Donald Trump donated about $140,000 to state attorneys general or candidates for the office between 2001 and 2003, some of whom were reviewing cases or decisions that would impact the real estate mogul’s business, the Wall Street Journal reported on Wednesday.
Trump in particular donated to several attorneys general in New York going back to the 1980s, up to the current attorney general, Democrat Eric Schneiderman, according to records reviewed by the Wall Street Journal.
The Wall Street Journal’s report follows the news that Trump had to pay a $2,500 penalty to the Internal Revenue Service for an improper donation the Trump Foundation made to a group supporting Florida Attorney General Pam Bondi. Bondi’s office ultimately did not join a lawsuit filed against Trump University by the New York attorney general.
In 1985, Trump pledged a $15,000 donation to Robert Abrams, then the attorney general of New York, while the attorney general’s office was considering proposals from Trump to convert co-op apartments into condominiums, according to a report by the New York State Commission on Government Integrity reviewed by the Wall Street Journal. The commission did not find a conflict of interest, according to the Journal.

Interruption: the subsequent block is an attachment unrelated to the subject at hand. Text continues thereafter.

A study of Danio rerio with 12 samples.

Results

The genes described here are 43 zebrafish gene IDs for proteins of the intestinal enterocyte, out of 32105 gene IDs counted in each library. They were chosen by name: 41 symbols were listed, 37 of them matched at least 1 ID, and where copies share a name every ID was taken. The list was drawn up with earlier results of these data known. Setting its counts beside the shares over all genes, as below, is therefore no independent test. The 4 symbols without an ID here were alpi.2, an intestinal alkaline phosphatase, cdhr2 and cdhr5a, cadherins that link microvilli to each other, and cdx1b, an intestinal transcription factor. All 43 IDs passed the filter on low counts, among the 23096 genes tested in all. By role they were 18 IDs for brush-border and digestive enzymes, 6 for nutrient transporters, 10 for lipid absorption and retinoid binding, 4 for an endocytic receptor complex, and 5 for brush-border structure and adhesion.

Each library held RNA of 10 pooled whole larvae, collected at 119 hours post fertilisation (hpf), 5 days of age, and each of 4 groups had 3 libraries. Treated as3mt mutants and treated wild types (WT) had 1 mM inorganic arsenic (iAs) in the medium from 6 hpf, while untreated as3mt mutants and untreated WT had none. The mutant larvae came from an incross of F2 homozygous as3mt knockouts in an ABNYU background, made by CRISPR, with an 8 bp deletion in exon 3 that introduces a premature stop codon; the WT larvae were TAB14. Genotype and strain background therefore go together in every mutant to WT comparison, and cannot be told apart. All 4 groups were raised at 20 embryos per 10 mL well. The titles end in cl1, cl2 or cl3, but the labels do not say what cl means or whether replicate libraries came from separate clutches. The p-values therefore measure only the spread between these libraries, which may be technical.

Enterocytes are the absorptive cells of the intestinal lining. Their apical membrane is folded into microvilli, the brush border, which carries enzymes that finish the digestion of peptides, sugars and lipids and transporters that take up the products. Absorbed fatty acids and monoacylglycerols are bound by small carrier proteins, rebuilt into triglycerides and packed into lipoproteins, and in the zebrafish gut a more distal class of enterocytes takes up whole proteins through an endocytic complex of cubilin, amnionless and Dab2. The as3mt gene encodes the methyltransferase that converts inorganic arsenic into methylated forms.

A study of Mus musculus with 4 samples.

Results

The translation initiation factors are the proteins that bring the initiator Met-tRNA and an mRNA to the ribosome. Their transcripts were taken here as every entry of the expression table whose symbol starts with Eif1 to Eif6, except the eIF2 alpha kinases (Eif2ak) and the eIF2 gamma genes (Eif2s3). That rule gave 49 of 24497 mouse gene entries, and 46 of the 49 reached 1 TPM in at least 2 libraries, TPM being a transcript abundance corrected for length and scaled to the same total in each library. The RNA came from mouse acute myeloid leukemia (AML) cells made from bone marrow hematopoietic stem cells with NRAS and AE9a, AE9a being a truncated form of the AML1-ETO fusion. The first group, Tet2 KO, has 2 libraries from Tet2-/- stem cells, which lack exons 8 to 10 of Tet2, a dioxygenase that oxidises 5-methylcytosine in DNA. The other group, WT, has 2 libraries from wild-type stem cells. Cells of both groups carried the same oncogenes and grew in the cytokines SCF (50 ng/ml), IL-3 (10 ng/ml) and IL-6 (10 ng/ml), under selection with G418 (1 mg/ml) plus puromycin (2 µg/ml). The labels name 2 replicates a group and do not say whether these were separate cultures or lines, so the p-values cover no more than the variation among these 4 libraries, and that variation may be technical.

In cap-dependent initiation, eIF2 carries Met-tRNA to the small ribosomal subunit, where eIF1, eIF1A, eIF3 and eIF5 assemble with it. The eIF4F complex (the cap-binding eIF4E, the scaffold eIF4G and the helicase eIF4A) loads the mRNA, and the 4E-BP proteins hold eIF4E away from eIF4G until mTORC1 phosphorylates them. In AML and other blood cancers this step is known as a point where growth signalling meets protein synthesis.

Several attorneys general who received donations from Trump while considering proposals or cases from the real estate mogul returned the checks or later donated the money to charity, including Schneiderman, California Attorney General Kamala Harris, and former New York Attorney General Eliot Spitzer, the Wall Street Journal reported.
Trump also held a fundraiser for Spitzer, Cynthia Darrison, a former fundraiser for Spitzer, told the Journal. Spitzer did not return those donations.
Several attorneys general have policies of asking donors to fill out a slip if they had business before the office, which would then prompt the office to return the donation.
Alan Garten, the Trump Organization’s general counsel, told the Wall Street Journal that the expectation for donors to self-report potential conflicts of interest was “politics as usual.”
“It’s sort of silly to flip the onus back on the person making the contribution,” he said.
Read the full Wall Street Journal report here.